For those of you who may not be aware, I am a huge fan of Kathryn Stockett's debut novel The Help. I discovered it back in 2009 when a dear friend of mine (Hey Liz!) suggested I read it. I'll be honest, without my friend's enthusiastic endorsement I may not have picked up this book on my own. Why? The Help was a story about black domestics living in the Jim Crow South as told by a white woman.
That little, but very important fact was enough to make me very skeptical about the contents of the book, namely how the black characters in it were portrayed. Would they be yet another Mammy caricature in which the black slave or maid was all-too-happy to serve - and be subservient to - her white master or employer? Think Gone With the Wind and virtually every book or film with black characters written by white authors and storytellers. Sadly, there IS a pattern.
In addition to the stereotyped portrayals, these stories often contain "white savior" themes in which the white hero or heroine saves the "colored" folk from themselves, their "savage" way of life or some other bad circumstance. Yep, I had my reservations. Luckily, the book did not have any of these typical pitfalls - a very pleasant surprise. (You can read more of my thoughts here).
So when I heard The Help was being made into a movie, I vowed to see it the weekend it opened. Well, family, The Help hit theatres Wednesday, August 10th and I saw it Saturday night at the popular Third Street Promenade here in Santa Monica, California. While I was excited to see the movie, my old reservations creeped back in. I worried that the movie would focus entirely on the white character Skeeter while simultaneously minimizing the primary black characters, Abileen and Minny, and the reality of their lives in the Jim Crow South. Without knowing it, I was holding my breath.
As the large theater filled to capacity, mostly with white faces and a few brown ones like mine sprinkled throughout, I felt my heart pound faster. I silently prayed, "Please don't let this movie reinforce stereotypes, dehumanize or minimize the black characters or play up the "white savior" theme." As the first ten minutes turned into the first half-hour and then the first hour and finally the second, I exhaled. Really exhaled. Quite simply, the movie was poetry, a beautiful tapestry of truth and inspiration. No one character was sacrificed for the other.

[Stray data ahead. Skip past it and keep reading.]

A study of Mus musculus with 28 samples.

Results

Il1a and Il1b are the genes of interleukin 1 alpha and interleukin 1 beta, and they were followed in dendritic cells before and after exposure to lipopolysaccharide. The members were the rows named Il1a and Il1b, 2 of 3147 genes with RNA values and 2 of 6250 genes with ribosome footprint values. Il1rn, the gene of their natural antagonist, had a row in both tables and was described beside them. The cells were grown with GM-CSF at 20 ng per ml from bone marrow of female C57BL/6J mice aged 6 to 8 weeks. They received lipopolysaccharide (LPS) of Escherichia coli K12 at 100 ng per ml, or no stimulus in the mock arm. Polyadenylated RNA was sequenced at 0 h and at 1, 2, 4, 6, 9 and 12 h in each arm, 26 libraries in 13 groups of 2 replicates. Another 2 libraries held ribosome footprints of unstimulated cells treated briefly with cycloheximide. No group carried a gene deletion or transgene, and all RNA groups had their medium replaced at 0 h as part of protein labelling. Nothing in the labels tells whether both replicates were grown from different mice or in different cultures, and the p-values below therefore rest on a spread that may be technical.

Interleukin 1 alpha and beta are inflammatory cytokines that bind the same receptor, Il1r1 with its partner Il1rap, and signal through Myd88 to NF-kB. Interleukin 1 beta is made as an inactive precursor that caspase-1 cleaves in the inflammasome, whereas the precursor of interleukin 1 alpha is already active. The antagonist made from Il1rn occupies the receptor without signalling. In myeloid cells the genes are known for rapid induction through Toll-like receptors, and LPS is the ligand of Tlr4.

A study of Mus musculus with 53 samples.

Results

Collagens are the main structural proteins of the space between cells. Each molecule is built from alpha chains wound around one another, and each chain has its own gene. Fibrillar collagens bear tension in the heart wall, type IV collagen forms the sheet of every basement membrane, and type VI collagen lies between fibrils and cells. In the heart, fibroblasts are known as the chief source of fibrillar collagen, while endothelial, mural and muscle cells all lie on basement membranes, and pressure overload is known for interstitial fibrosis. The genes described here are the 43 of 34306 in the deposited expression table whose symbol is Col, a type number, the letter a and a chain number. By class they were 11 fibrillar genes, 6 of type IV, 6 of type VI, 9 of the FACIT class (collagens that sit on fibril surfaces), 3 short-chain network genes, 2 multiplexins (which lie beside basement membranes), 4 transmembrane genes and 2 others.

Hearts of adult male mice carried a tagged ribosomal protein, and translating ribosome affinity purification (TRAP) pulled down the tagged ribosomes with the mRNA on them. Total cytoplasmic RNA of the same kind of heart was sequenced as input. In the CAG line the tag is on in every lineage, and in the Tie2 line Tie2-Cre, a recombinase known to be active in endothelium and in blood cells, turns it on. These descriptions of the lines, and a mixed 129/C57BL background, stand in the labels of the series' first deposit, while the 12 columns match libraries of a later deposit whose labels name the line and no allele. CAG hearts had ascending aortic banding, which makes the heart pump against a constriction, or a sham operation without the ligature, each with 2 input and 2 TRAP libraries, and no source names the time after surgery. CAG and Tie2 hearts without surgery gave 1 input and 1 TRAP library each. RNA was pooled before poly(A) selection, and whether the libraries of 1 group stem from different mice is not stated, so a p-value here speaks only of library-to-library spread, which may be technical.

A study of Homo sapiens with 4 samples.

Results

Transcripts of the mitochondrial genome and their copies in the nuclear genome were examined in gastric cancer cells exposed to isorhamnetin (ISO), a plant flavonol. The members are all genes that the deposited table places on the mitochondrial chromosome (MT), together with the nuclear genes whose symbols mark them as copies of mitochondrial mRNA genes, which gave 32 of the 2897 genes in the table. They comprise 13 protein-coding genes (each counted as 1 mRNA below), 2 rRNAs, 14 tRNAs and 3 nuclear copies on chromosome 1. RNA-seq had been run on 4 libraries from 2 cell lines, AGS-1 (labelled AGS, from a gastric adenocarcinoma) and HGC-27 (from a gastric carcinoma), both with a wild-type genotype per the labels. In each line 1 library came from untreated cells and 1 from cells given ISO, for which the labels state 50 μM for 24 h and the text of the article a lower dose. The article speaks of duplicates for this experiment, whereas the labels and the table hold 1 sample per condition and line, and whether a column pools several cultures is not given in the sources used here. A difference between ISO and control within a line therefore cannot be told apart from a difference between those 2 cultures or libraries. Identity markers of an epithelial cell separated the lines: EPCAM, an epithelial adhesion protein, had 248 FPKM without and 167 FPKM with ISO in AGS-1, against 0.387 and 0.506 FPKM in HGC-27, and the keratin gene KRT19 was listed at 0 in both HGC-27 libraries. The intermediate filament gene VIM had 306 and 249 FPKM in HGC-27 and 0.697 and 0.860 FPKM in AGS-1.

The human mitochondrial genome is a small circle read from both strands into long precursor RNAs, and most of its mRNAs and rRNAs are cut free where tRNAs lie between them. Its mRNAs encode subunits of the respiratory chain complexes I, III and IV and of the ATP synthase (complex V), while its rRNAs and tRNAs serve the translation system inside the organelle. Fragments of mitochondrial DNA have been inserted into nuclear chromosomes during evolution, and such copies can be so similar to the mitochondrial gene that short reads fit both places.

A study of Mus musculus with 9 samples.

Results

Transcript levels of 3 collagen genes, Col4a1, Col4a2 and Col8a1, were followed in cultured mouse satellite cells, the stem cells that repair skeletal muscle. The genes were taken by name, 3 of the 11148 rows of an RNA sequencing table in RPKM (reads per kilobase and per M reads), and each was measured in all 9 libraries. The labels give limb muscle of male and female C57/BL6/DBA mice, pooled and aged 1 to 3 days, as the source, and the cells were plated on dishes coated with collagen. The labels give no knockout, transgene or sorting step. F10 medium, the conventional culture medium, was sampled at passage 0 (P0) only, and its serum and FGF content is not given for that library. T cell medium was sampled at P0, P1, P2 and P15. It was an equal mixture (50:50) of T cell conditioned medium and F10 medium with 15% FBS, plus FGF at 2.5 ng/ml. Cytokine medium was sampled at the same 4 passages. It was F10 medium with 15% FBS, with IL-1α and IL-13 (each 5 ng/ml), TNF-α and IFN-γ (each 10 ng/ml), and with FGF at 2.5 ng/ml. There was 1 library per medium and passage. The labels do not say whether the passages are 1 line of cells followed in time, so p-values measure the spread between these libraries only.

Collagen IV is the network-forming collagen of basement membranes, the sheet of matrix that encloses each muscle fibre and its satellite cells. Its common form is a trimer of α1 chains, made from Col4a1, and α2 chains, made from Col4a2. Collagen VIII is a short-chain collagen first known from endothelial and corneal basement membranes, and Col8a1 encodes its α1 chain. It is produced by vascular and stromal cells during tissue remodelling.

The movie remained true to the book and, above all, the maids' stories remained full and intact. I fell in love with Abileen and Minny (my favorite character) all over again. I cried and laughed and then cried and laughed some more. At the end of the movie, Abileen's character (portrayed by Viola Davis) said something that resonated with me. She said, "No one ever asked me what it felt like to be me."
As a black woman, I understood all too well what Abileen meant. The Help is a story about what it feels like to be Abileen....what it feels like to be Minny....and the countless women who look like them. I hope this film (and book) is one of many more like it. So long as the storyteller remains true to telling the stories of these women from THEIR perspective, I have no problem with the color of the storyteller.
Check out The Help trailer.
One More Thing:
Viola Davis deserves to be nominated for AND WIN an Oscar
for her performance in The Help. Spread the word if you agree.